Is Contemplative Prayer Okay? – John Boruff

Someone just asked me, who will remain anonymous, the following:

QUESTION: What are your thoughts on centering prayer? It seems The Cloud of Unknowing refers to it.

ANSWER: Thomas Merton, Thomas Keating, M. Basil Pennington, and William Meninger are not good teachers of Christian contemplation. They dabble with New Age ideas and incorporate Buddhist meditation techniques with Catholic meditation. Definitely you should avoid that.

I would point you to Thomas Dubay’s Fire Within for a contemporary teaching on contemplation, other than my own e-book, How to Experience God.

You can’t go wrong with anything based on St. Teresa of Avila’s teaching.

Also, Augustin Poulain’s The Graces of Interior Prayer has great teaching on contemplation.

Centering prayer, as I have argued in my e-book, in fact I spend a whole chapter on it (ch. 9, esp. part 2), is a New Age distortion of the contemplative prayer taught by the Catholic saints.

QUESTION: Have you ever come across Dave Cloud? Attached is a sample of his writing.  I’ve come across several ‘Evangelical’ assessments warning against contemplative prayer.  I struggle back and forth with whether to pursue it or not.

I’ve attached Cloud’s e-book (Evangelicals and Contemplative Mysticism) for your consideration. Some of the arguments ‘against’ contemplative prayer seem rather reasonable and not hyped up.

ANSWER: Contemplative prayer is basically what you make of it. It has an “opening” ability to the spirit world; it increases capacity for openness to spirits, whether demonic or divine. The best way to avoid demonic oppression is to contemplate Jesus Christ; and reject New Age theology. (Read Clifford Wilson and John Weldon’s Occult Shock and Psychic Forces; Douglas Groothuis’ Unmasking the New Age; Confronting the New Age; or cautiously and Charismatically approach Dave Hunt and T. A. McMahon’s The Seduction of Christianity).

If you practice contemplative prayer with New Age views, the likelihood of you experiencing a New Age vision or dream or voice or sign is very high. However, if you maintain Evangelical views of theology and the world (Puritan, Methodist, or Pentecostal), then the likelihood of you having an Evangelical vision or dream or voice or sign is very high–if you practice Christ-centered contemplation.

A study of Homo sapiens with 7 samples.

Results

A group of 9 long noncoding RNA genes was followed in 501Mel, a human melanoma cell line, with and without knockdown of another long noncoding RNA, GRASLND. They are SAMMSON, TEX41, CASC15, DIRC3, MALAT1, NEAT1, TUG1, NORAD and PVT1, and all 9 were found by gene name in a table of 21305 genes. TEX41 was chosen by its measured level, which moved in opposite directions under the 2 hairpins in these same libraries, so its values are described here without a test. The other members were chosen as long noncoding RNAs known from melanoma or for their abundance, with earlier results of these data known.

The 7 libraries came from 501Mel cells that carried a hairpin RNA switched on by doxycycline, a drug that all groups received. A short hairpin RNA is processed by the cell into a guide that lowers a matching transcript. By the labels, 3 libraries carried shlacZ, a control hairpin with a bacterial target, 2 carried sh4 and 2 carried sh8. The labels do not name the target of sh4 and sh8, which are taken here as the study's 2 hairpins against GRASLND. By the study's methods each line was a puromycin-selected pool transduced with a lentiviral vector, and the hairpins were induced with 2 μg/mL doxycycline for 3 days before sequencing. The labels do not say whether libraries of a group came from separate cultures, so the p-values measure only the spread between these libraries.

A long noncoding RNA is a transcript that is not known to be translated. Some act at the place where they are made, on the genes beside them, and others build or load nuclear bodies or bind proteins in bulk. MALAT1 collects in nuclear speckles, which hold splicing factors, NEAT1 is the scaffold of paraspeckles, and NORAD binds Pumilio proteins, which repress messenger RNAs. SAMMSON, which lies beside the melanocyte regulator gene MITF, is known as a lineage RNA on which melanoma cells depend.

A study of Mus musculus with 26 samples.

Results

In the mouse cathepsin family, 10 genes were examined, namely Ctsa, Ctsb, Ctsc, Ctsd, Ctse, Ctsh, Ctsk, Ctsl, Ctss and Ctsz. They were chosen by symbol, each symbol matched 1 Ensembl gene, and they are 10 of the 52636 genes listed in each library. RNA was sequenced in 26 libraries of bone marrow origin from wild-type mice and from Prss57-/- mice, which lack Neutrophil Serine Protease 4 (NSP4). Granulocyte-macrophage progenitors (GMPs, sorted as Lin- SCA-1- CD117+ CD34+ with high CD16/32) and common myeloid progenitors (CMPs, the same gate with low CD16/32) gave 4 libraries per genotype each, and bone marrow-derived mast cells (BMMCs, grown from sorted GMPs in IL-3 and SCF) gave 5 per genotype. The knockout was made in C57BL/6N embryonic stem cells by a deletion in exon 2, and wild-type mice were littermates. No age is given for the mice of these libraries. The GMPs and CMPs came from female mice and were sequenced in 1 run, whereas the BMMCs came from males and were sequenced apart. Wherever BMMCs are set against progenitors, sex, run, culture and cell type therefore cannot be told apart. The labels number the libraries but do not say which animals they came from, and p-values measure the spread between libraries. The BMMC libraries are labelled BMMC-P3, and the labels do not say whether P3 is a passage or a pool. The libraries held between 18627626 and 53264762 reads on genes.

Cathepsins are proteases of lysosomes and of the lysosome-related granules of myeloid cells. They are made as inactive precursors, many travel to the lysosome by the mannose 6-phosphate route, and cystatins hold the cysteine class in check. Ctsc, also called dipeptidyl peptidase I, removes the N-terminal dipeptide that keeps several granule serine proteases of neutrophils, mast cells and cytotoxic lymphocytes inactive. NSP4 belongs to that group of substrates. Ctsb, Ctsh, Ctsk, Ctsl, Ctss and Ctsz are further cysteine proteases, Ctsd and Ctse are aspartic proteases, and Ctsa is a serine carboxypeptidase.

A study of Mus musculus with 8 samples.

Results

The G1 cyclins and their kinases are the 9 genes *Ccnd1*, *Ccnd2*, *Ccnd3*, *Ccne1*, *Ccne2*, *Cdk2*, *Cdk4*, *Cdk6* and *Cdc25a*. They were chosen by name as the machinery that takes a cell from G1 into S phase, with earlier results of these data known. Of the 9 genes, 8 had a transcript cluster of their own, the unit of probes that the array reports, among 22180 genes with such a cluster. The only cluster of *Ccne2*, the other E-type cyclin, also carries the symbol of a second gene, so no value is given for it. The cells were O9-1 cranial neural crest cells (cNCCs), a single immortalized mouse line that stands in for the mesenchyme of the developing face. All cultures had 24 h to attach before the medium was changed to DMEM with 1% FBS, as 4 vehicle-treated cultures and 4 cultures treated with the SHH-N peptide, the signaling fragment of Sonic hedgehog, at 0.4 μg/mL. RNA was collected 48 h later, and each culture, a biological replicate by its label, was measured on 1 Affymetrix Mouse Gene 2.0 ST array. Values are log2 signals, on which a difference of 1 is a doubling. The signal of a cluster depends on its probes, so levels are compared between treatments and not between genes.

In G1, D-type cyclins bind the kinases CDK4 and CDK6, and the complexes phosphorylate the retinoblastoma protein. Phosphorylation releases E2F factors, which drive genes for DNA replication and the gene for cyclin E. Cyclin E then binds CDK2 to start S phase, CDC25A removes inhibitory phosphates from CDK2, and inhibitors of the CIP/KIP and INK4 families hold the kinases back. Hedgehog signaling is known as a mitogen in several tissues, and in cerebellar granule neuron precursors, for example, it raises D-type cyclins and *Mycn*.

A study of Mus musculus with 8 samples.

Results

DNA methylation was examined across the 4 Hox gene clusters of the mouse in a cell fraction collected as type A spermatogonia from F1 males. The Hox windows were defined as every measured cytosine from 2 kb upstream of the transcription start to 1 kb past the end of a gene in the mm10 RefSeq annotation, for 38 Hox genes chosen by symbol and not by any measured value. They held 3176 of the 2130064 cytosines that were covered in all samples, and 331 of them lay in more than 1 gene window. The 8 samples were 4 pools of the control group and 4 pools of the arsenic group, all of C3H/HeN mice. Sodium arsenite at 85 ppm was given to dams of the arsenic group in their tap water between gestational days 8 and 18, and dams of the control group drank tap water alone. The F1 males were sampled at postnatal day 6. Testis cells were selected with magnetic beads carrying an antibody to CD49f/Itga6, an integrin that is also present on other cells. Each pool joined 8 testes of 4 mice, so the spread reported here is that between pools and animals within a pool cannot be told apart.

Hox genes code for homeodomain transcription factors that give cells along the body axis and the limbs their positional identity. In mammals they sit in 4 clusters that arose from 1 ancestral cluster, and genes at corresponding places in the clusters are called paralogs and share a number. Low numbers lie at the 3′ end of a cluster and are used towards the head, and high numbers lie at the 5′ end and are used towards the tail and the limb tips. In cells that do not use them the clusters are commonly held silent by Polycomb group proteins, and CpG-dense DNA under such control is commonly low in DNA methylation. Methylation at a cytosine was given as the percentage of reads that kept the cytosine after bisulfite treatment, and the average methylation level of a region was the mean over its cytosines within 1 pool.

Contemplative prayer will open you up to the invisible spirits that are operating behind your theology.

Contemplative prayer is what you make of it.

Hebrews 12:2: “Looking unto Jesus, the author and finisher of our faith.”

See also the Puritan mystic Isaac Ambrose’s Looking Unto Jesus or Tom Schwanda’s Soul Recreation: The Contemplative-Mystical Piety of Puritanism.

I briefly skimmed Cloud’s e-book. I would put it in the same category as the other books which oppose contemplation. They are really preaching against Centering Prayer (with all its New Age theology through Merton and Keating). As I have argued before in my e-book, centering prayer is a modern New Age distortion of traditional Catholic contemplative prayer.


John Boruff is the founder of WesleyGospel.com, a husband, father, and sometimes an open air preacher. He graduated from UNC Pembroke in 2008 with a B.A. in Philosophy and Religion and views himself as a Baptistic Pentecostal. As a Christian, he feels connected with all members of the body of Christ, but can identify the most with churches like the Assemblies of God and the Vineyard. In 2015, he released "The Gospel of Jesus Christ," which is meant to be a Bible study for open air preaching. For his other writings, search articles on this site or see the E-Books section.